How Pensions Are Hurting Industrial Companies

Pensions are throwing a spanner in the works for companies already struggling against the downturn.

(October 11, 2012) — Industrial companies in the United Kingdom have some of the worst pension fund deficits, despite efforts to reduce them, which could impact their prospects for growth and very survival, research has shown.

Pension fund deficits represent over 8% of an industrial company’s market capitalisation, on average in the FTSE350, according to investment consulting firm and actuary Barnett Waddingham.

This is the second highest percentage after consumer cyclical companies, Barnett Waddingham said, but noted that this sector has seen company share prices fall sharply as a result of a drop in spending on the high street by recession-struck shoppers.

For ever other sector, the average pension deficit was equivalent to 4% or less of the market capitalisation of the company.

This is an important consideration for company bosses when addressing financing, the consultants said, and could make it trickier for them to borrow in order to expand – or even continue to operate.

“One potential consequence for a company with a large pension scheme deficit disclosed on the balance sheet is the impact it will have on the company’s gearing ratio (a measure often used to assess financial risk or longer-term solvency),” the report from Barnett Waddingham said. “The gearing ratio can be an important indicator for companies looking to raise additional finance and the pension scheme deficit can have implications for debt covenant restrictions. At the margin, an increased gearing ratio can lead to a higher cost of borrowing.”

Industrial companies have been doing more than most to try and reduce pension deficits over the past couple of years. Last year, those in the FTSE350 used an average 40% of free cash flow to pay down the shortfall – the second-highest average payment in the corporate sector. Energy companies paid an average of 68% of their free cash flow in deficit contributions last year – a 20% increase compared to a year earlier.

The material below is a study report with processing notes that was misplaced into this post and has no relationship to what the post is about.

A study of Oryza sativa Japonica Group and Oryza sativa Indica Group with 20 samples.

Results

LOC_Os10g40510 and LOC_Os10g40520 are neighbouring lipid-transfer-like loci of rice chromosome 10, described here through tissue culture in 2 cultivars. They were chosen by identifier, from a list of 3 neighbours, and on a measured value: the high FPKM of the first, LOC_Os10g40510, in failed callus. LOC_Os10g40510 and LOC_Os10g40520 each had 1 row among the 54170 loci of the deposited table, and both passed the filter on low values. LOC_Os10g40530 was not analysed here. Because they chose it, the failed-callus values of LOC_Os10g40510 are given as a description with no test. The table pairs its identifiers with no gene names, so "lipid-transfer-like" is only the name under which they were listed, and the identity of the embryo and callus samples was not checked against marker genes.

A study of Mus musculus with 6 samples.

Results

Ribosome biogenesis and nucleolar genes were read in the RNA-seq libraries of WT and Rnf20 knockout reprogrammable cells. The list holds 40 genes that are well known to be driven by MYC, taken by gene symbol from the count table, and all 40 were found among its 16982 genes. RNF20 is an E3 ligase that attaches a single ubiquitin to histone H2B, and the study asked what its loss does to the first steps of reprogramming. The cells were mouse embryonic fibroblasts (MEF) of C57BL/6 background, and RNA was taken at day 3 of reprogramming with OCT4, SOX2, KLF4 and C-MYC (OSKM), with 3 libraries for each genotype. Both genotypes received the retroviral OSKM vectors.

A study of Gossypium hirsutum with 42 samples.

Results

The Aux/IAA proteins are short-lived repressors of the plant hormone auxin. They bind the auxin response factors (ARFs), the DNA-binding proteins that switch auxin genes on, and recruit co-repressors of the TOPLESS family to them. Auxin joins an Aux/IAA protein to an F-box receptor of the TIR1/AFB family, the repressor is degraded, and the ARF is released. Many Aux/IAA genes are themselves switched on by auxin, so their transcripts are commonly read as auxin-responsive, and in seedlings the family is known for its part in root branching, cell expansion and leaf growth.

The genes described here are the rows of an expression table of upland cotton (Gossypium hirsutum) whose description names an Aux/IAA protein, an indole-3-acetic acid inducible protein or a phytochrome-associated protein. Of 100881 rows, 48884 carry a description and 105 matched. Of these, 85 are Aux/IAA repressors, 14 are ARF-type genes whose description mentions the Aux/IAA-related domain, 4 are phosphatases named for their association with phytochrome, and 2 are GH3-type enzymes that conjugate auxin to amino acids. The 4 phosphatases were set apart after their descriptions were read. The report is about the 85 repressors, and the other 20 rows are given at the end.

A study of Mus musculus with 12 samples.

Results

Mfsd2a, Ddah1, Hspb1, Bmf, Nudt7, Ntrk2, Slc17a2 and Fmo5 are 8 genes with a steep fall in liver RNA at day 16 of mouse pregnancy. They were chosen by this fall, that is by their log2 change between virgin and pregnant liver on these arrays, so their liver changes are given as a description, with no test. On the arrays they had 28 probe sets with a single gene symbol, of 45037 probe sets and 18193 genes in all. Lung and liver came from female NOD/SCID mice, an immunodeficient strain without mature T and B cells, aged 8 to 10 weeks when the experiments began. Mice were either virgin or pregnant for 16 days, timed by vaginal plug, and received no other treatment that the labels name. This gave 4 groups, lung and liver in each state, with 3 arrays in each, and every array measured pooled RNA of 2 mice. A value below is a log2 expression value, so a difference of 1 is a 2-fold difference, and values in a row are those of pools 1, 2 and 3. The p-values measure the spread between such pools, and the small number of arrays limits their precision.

Across the FTSE350, shortfall contributions have become 30% more expensive than the payments made for future pension benefits, Barnett Waddingham said.

Per member, companies in the FTSE350 are paying £2,600 a year for future benefits, and £3,400 to clear the backlog accrued in the deficit.

In 2010, 16% of companies operating a defined benefit pension paid more than 100% of free cash flow to try and plug the funding gap – in 2011, 28% of them contributed this much.

The report said: “The worsening of these figures can be attributed to both an increase in funding deficits for the majority of companies and an increase in the number of companies where free cash flow is now negative. For many companies contributions have changed significantly between 2010 and 2011.”

Yesterday, the Pension Protection Fund revealed that there were 5,248 schemes in deficit at the end of September, and 1,184 fully funded or in surplus in the UK.